Columbus brides take a nontraditional route for their 'dos

Columbus isn't shy about taking the road less traveled, from restaurants to art and everything in between—including its brides.

“I knew from the beginning I wasn't going to wear a veil,” says Emily Anthony, who chose to wear her hair down with loose curls and a headvine (similar to a headband) when she wed Jimmy on July 3, 2016. “I feel like I'm not really the traditional girly-girl. It didn't seem like it fit with my personality.”

Anthony “never even tried [a veil] on,” despite strong encouragement from well-meaning relatives.

“I thought about my mom and my grandparents, and I did hesitate a little bit,” she says. “But it was something I was very stubborn about. I knew I didn't want it.”

It's a trend many Columbus hair stylists see regularly, as weddings become more casual and less traditional.

“I'm seeing a lot of brides step away from the veil,” says Charles Penzone Salon stylist Rosie Allen, who's been styling bridal hair for nine years. “If a bride does choose a veil, it's usually short or a birdcage veil. If there's no veil, they're usually wearing a headband or flowers.”

Braids, says Allen, are on-trend and requested by nearly every bride who goes sans veil.

“Most of the time, they don't care what the back looks like as long as there's a braid in it,” she explains. “They always want a braid incorporated.” That could mean a braided up-do, a long and loose plait or a half up/half down style, and it typically includes some sort of accessory.

“It's the comb accessories with jewels most brides want—maybe a headband or a crown, or hardly anything at all, or flowers, like the Bohemian look,” says Kiley Dubenion, lead bridal stylist at Nurtur the Salon in Grandview. “It's very simplistic. Nothing's too busy.”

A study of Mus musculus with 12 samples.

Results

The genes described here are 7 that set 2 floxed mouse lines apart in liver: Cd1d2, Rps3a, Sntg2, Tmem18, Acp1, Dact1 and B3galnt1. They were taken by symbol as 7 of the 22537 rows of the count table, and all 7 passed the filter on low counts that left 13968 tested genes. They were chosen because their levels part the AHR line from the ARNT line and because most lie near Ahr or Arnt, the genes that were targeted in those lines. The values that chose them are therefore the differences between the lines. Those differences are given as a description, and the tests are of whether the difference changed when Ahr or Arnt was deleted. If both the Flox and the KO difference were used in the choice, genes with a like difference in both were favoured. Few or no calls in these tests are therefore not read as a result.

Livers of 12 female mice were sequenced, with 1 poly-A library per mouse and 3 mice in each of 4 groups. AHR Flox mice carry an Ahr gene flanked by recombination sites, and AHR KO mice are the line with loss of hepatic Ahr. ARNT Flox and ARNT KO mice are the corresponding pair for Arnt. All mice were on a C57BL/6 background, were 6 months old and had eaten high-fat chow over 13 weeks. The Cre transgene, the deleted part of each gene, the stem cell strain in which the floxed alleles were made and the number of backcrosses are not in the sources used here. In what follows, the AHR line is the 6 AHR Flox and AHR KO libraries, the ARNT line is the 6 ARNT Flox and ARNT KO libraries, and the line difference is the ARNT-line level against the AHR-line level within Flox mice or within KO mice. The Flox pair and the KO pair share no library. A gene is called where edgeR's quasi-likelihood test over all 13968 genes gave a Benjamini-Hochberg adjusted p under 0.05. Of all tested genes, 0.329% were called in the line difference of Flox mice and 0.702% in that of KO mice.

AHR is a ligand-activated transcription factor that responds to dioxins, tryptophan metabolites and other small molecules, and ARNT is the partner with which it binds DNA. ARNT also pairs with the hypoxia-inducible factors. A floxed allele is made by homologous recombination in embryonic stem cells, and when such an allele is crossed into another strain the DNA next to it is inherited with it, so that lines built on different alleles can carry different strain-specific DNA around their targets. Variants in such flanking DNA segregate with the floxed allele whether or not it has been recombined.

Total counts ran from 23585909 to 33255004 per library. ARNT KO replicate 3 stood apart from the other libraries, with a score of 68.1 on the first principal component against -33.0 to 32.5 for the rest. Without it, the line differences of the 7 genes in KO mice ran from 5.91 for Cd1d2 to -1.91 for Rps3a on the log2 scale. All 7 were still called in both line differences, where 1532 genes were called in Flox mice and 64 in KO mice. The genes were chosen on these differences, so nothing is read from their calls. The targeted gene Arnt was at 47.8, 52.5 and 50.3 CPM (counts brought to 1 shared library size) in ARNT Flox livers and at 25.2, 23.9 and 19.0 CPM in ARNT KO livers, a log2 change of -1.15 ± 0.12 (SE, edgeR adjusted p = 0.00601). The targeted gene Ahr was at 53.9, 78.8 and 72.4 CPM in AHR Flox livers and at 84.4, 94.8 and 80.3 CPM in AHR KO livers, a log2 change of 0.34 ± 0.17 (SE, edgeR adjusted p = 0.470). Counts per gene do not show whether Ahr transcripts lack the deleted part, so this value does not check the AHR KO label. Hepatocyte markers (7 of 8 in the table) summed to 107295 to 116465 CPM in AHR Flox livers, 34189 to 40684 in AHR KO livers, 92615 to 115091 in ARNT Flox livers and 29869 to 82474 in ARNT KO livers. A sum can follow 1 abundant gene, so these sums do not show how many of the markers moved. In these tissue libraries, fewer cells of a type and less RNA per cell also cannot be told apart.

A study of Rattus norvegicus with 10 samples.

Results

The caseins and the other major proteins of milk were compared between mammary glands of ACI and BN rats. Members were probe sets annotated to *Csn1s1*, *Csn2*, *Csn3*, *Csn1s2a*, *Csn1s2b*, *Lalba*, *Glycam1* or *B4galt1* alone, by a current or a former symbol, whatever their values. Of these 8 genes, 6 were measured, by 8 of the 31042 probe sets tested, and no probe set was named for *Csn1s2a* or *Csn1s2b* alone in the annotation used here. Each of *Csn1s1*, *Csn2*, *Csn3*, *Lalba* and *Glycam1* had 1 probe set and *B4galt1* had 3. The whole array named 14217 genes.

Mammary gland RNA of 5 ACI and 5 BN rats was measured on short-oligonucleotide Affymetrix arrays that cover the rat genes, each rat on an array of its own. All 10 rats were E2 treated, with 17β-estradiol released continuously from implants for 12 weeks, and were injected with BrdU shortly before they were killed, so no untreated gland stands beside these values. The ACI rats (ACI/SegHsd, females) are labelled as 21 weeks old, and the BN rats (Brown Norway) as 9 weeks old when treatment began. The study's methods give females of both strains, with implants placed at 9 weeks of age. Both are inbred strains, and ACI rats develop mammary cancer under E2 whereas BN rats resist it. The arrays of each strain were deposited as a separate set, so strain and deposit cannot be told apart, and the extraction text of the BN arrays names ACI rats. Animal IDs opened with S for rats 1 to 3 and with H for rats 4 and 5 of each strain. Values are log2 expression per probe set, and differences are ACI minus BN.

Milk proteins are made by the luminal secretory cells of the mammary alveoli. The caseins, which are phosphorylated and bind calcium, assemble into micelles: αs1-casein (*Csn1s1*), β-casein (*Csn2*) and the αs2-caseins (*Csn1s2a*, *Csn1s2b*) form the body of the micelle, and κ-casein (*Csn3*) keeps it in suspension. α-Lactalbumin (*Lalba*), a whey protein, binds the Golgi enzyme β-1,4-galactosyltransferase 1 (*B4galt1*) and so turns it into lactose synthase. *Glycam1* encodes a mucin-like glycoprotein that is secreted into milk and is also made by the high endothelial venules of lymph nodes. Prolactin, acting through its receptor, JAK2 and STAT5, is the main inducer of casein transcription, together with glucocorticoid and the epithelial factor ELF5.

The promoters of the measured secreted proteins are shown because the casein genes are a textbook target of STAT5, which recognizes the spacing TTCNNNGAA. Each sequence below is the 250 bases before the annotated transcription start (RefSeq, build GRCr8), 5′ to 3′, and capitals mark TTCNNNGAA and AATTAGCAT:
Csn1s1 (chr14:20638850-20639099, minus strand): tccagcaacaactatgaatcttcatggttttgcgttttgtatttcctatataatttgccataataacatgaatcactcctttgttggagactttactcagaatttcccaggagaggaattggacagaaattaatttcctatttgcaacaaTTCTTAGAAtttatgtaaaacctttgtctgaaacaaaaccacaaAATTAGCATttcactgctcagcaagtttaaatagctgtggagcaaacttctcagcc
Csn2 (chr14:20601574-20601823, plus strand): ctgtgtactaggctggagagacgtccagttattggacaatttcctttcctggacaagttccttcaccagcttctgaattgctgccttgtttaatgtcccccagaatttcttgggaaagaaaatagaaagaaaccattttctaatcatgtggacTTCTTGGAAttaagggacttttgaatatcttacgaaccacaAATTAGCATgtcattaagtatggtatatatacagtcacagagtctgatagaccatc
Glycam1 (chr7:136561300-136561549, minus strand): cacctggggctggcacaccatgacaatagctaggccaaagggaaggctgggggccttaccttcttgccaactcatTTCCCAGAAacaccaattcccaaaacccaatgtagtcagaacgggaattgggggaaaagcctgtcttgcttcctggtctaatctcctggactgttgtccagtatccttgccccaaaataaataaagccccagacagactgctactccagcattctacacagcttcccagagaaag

One of the most popular, simpler trends seen by local stylists is the flower crown.

“Flower crowns are huge,” says Square One Salon stylist Haley Reeb. “Flowers within the crown or incorporated into the hair somehow.”

Incorporating flowers works well for the popular “un-done” style, she adds. “A lot of trends right now are going with more of a messy, romantic look. It's a looser look with a more natural texture.”

For an up-do, that could mean a looser chignon or bun with a braid and a flower; for longer lengths left down, that could be soft, loose curls with a draped hair comb, a headband or a single flower behind the ear.

“I showed [my stylist] a ‘boho braid' off Instagram, and she helped pull it off,” says Courtney Phillips, who wore a thick side braid layered with fresh flowers for her walk down the aisle to husband Quentin on Aug. 13, 2016. “If I could have flowers in my hair every day, I think I would.”

Up or down, one thing a veil-less bride needs is a bit of volume.

“You can go to a hair salon and buy a tract of hair,” to add lift, says Reeb. “It creates a fuller look and gives more volume for girls with medium-length hair or thinner, finer hair.”

A bride can also do a lot with the roots of her hair, which are on display in photos and during that walk down the aisle. Some brides add a little glitter to their roots, while others add a little drama with color.

“Color is always important,” says Allen. “If a bride wants lots of depth and dimension to her look, or for her braid to stick out, I always recommend she gets highlights, because it shows off the style a lot better. Especially with braids.”

No matter how you rock your no-veil hair, the biggest recommendation for brides from stylists is to make sure you do a least one practice run about six to eight weeks before the wedding. That ensures you and your stylist are on the same page, allowing your tresses to look their best.